The North Wind

The North Wind

Chris Anderson
Sports Editor

Chris moved to Marquette in 2021 and is pursuing a bachelors in entrepreneurship with a minor in computer science. Chris has been the sports editor with the North Wind since August of 2022 and also serves...


PURE PERFECTION —  Sarah Saead, a manager at The Crib and an NMU alum, makes a beautiful latte with a foam leaf on top.
The perfect excuse to grab a cup of coffee
Abigail FaixSeptember 28, 2023

Palestine should be an independent state

Palestinian leaders have called for the State of Israel to stop constructing settlements in the West Bank, saying that, without a stop to settlements, they will walk away from negotiations with Israeli leaders. Some may think Palestinians are being unreasonable in their demands. The truth is that Palestinians have been conceding to Israeli wishes for decades. In fact, Israel controls over 40 percent of the West Bank, which is illegal under international law. It is time for Israel to accept a peace plan, something that they used to support as early as 1948.

The State of Israel was created in 1948 and was then recognized as a member of the United Nations in 1949. The creation of Israel resulted from a U.N. plan to divide the British Mandate of Palestine into two distinct states. One state would be Arab and one would be Jewish, with Jerusalem being an international city administered by the U.N.

The Arab states rejected the plan to divide Palestine into two different states. They thought Palestine should be one democratic state, not two different distinct states. Israel accepted the two-state solution proposed by the U.N. The Arab states refused to recognize Israel as a state and the result was the 1948 Arab-Israeli War. The result of this war was that Palestine was not recognized as its own state, but Israel was.  The state of Jordan annexed the West Bank and East Jerusalem, while Egypt annexed the Gaza Strip.

In 1967, Egypt closed the Straits of Tiran to Israeli ships. Israel disliked this and thought this was a clear violation of international law. This, along with Egypt stationing troops in the Sinai Peninsula, caused an Israeli pre-emptive attack. This attack was the official start of the Six-Day War. The result of this war was Israel controlling much more geographical land mass than before the war. Israel annexed the Sinai Peninsula and the Gaza Strip from Egypt, east Jerusalem and the West Bank from Jordan, and the Golan Heights from Syria.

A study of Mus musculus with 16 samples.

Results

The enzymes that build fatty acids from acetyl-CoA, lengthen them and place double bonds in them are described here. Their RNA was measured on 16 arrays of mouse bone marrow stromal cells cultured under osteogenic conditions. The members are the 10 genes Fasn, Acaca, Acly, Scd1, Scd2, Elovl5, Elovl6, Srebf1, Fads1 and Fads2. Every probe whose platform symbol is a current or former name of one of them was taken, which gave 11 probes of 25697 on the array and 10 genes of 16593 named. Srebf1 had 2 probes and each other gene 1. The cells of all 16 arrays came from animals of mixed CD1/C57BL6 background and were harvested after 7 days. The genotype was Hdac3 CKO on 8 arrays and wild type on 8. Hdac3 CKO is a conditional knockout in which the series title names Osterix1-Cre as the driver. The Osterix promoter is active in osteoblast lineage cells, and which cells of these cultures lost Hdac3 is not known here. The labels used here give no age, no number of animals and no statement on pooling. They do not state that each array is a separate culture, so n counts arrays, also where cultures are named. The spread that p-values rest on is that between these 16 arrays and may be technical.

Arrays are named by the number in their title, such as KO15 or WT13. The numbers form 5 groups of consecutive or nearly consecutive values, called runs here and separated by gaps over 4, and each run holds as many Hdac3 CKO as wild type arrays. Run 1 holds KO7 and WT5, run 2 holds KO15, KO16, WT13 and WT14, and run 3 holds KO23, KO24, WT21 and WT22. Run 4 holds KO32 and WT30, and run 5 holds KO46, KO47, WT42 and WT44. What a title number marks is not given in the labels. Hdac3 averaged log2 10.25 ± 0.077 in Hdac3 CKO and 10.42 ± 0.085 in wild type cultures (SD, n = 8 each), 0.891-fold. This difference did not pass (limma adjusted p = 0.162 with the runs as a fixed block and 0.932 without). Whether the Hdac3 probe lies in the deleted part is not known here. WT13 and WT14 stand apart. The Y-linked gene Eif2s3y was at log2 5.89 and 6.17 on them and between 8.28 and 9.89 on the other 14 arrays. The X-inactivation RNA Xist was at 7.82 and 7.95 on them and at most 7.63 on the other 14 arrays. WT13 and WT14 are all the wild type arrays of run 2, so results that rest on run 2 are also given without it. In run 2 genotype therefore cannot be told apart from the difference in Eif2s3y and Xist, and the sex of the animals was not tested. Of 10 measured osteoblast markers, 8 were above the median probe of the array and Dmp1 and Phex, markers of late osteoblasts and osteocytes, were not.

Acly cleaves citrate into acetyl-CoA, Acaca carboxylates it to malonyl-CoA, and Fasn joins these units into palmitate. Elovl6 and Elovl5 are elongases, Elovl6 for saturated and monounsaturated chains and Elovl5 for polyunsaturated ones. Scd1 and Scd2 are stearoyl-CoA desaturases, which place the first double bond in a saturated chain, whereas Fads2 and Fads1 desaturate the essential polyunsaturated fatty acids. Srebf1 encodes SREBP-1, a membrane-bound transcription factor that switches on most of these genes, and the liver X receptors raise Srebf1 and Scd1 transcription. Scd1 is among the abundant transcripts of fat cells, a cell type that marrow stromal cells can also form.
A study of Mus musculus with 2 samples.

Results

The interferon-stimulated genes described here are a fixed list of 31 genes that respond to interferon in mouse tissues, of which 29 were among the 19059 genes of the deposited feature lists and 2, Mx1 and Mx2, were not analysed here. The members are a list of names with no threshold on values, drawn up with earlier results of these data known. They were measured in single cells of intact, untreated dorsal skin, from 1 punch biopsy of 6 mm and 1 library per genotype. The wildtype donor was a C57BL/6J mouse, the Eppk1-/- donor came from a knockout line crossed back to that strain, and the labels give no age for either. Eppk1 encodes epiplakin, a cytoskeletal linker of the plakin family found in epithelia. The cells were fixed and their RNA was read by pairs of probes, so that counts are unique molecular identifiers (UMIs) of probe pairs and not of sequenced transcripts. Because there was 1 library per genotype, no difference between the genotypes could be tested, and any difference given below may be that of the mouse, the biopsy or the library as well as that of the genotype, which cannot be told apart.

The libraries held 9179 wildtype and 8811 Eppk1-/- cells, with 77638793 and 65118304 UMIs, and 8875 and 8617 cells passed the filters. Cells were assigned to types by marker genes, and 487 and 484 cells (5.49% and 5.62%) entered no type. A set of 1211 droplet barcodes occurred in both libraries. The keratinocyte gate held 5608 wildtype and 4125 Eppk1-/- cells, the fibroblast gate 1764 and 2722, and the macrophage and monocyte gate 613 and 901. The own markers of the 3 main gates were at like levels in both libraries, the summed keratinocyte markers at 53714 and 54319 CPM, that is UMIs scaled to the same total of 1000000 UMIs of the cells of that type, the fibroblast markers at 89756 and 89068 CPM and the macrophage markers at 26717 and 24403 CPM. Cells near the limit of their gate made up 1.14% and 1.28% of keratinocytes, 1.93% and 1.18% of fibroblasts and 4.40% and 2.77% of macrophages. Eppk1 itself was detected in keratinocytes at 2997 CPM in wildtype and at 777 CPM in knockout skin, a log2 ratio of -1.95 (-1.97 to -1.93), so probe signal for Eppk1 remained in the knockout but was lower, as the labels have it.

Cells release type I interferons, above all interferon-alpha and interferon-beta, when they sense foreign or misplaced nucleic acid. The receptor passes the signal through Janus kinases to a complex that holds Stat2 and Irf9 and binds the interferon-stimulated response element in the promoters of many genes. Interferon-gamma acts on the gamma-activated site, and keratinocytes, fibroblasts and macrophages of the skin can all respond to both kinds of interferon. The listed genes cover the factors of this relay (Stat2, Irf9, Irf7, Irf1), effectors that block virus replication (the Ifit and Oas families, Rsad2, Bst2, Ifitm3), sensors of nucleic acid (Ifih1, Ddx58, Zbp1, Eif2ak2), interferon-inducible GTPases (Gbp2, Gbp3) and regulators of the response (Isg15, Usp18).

Israel’s response to Resolution 242 in 1967 contrasts contemporary Israeli political responses concerning current Israeli-occupied territories. Their response stated that “The Government of Israel … assures you of its full co-operation in your efforts with the States concerned to promote agreement and to achieve an accepted settlement for the establishment of a just and lasting peace, in accordance with your mandate under the resolution.”

One thing is simple. Israel was agreeing to leave to areas they annexed during the Six Day War. As soon as Israel would have withdrawn, Syria, Egypt and Jordan would have decided which territories they would keep and which they would give to a future Palestinian state.

We now fast-forward to the present. Israel is still continuing to construct settlements in the West Bank, all of which are considered to be occupied by the U.N. and International Court of Justice. Israel stated they were committed to Resolution 242 in 1967, but building more and more settlements in the West Bank violates the main intent of Resolution 242. Why do they build settlements then?

The sad truth is that the current parliamentary coalition is one of multiple center-right and Orthodox religious parties. Many of these Orthodox parties believe that the border for the state of Israel should be the Jordan River, as implied in their interpretation of the Old Testament. This interpretation is the one that is forced upon the Palestinians, instead of what Israel should be basing their interpretations off of, which is international law.

Israel tries to make it seem that they are a weak country in the Middle East that needs the constant assistance of the U.S to fend off enemies pursing nuclear weapons like Iran. Why should Israel be afraid? Israel has nuclear weapons, although they have never admitted this publicly. In 1975, the Israeli defense minister Shimon Peres was asked by South Africa defense minister PW Botha if Israel would sell the apartheid country nuclear weapons. Peres responded by offering the weapons in three different sizes.

Israel is not a weak country. They have the full backing of the strongest military power in world history with the U.S. behind them. Israel also has high-tech military weapons, including nuclear weapons. The Palestinians deserve a country to call their own. Israel supported a two-state solution over sixty years ago. It is time for Israel to support a two-state solution once again.